LEAP

Local Government Energy Assurance Planning

Best Practices: Chicago, IL


Chicago's Electricity Outage Management System

Following a series of high-profile outages in the South Loop and Lakeview areas of Chicago in 1999, the City collaborated with ComEd, a division of Exelon, to embark on a plan to reinforce the electrical distribution system in the City and to provide clear, concise communications of system outages and vulnerabilities.

At the time, ComEd did not have a process in place to inform the City of power outages, the areas affected, or the timeframe for restoring services. City departments were unprepared to dispatch resources to help, and outages had a major effect on commercial and residential customers for an extended period of time.

Lessons Learned

Staff reorganization can affect the energy assurance planning (EAP) process, especially when EAP members take on other responsibilities.

New department affiliation and early retirements affected Chicago's planning team.

Including team members from varying managerial levels would have created a more stable and productive planning team over the long term.

In 2000, the City began receiving outage notifications directly from ComEd using the same paging apparatus that was in use by the utility. Over the years, the outage notification process continued to be refined and enhanced to the point that outages are now automatically transmitted via pagers and the Internet. Outage information includes:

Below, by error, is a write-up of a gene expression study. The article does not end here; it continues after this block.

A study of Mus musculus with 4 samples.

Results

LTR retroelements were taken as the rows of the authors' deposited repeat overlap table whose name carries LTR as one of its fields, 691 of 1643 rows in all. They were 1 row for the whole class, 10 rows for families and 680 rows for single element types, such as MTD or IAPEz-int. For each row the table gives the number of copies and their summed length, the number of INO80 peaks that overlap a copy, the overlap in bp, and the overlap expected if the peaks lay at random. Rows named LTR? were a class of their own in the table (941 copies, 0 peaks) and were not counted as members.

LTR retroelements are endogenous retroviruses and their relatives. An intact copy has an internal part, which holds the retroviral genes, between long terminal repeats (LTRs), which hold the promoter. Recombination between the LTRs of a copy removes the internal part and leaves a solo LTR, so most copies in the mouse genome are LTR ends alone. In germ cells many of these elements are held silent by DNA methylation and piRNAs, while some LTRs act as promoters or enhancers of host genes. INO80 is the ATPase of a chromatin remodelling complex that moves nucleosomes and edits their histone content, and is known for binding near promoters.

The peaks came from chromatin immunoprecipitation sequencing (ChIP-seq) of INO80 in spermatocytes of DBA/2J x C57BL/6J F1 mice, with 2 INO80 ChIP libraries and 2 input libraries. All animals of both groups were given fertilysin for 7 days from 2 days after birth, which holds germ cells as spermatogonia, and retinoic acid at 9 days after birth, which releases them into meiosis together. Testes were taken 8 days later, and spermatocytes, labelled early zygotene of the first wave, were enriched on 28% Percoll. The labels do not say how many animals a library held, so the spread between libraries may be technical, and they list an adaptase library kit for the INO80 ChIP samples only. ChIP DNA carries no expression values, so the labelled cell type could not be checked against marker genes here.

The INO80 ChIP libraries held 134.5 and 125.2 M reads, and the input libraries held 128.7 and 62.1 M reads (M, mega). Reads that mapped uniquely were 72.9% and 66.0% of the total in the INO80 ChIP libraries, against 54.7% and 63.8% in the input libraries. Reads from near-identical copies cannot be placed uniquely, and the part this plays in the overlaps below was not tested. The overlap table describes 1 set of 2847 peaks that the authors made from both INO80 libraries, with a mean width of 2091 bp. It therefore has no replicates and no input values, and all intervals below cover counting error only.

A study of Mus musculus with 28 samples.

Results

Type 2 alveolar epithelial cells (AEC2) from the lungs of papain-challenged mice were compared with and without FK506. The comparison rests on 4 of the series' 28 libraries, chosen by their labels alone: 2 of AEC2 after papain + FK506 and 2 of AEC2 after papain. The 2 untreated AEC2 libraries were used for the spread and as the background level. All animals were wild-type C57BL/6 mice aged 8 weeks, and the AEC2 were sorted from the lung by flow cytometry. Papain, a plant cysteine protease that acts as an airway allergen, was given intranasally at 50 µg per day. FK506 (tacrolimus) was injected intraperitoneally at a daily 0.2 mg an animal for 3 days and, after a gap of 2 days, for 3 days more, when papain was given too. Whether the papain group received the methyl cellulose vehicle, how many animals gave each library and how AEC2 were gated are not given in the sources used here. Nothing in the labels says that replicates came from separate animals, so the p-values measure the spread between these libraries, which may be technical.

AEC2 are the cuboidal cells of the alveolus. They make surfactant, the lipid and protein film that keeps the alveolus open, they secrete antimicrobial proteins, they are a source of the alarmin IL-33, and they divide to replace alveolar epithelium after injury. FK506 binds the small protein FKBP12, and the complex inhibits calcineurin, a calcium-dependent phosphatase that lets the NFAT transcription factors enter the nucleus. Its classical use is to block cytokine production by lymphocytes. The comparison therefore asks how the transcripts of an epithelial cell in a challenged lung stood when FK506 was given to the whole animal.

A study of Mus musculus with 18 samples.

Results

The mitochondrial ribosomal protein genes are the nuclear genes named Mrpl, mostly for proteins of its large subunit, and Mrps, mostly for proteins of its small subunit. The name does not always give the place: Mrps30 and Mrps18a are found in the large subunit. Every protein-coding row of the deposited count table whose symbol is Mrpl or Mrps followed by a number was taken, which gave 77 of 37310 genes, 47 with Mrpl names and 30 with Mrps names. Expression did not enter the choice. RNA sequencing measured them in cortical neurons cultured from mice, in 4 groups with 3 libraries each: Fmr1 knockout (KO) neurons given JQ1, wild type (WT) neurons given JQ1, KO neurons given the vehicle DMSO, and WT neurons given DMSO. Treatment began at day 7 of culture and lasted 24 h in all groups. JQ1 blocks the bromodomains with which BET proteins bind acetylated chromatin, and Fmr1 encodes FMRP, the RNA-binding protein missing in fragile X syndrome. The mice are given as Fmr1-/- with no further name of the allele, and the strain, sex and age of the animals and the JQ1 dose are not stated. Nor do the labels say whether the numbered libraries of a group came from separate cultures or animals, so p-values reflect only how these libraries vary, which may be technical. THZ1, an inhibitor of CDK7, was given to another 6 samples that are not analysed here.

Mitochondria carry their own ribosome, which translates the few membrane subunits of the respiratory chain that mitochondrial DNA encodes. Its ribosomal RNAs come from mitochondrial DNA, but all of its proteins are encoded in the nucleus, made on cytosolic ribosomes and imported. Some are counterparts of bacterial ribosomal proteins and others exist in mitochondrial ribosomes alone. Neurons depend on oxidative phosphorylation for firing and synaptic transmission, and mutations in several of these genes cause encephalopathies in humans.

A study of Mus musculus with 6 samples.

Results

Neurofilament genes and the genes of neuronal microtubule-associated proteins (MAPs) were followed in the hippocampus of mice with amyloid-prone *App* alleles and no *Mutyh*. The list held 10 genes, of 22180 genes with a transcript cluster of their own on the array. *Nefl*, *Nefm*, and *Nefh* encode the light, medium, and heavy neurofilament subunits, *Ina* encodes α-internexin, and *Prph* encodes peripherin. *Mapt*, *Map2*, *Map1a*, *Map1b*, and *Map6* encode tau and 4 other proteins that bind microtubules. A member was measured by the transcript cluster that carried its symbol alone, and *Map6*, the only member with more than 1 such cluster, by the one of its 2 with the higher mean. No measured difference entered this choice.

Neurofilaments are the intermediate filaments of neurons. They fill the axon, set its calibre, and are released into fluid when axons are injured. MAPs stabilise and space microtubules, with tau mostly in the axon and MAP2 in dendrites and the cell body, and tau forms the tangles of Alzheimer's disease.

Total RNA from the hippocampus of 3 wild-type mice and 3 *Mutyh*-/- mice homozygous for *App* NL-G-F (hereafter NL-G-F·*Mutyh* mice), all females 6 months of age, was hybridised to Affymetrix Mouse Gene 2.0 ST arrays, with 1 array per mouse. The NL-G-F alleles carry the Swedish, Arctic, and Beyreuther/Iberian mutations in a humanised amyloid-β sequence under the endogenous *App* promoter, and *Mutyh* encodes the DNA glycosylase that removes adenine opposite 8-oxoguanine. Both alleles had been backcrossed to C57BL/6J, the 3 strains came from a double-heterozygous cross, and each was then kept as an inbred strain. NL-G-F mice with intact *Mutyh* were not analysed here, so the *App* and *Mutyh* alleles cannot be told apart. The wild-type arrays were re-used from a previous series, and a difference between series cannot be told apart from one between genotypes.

Photo courtesy City of Chicago.
  • Feeder number (Chicago has 1,800 to 1,900 feeders).
  • Boundaries of the affected areas; this part is currently being enhanced to include a geographic information system (GIS) map of the areas, and is part of the work being done with LEAP support.
  • The voltage of the affected line(s).
  • The Wards affected.
  • Cause of the outage.

On receipt of an outage message, the city notifies the Alderman of each affected Ward at a 24-hour contact number and, with phone and paging, notifies city staff that may need to respond to the outage.

Chicago's outage management system now enables the city to know immediately the number of critical facilities in the outage area. These include airports, water pumping stations and hospitals. The list, updated in 2012, now totals about 1,700 facilities, about 10-12 percent of which are designated high priority.

In addition, when the utility reaches 95% of its projected peak capacity, Chicago officials receive real-time data on peak load. These notifications are an indicator of the level of stress that the electrical system is under so that the proper resources can be mobilized should a major outage or load curtailment occur.

Chicago is refining its energy assurance plan with LEAP support, and with the power outage notification system and the annually updated load curtailment plan, the city has taken major steps toward electricity energy assurance.

Best Practices
from Chicago

Establishing a real-time energy outage notification and tracking system enables city officials to be notified on a timely basis of every disruption so they can plan an appropriate response to each event. The city can also use the system to analyze the utility's infrastructure vulnerabilities and service performance.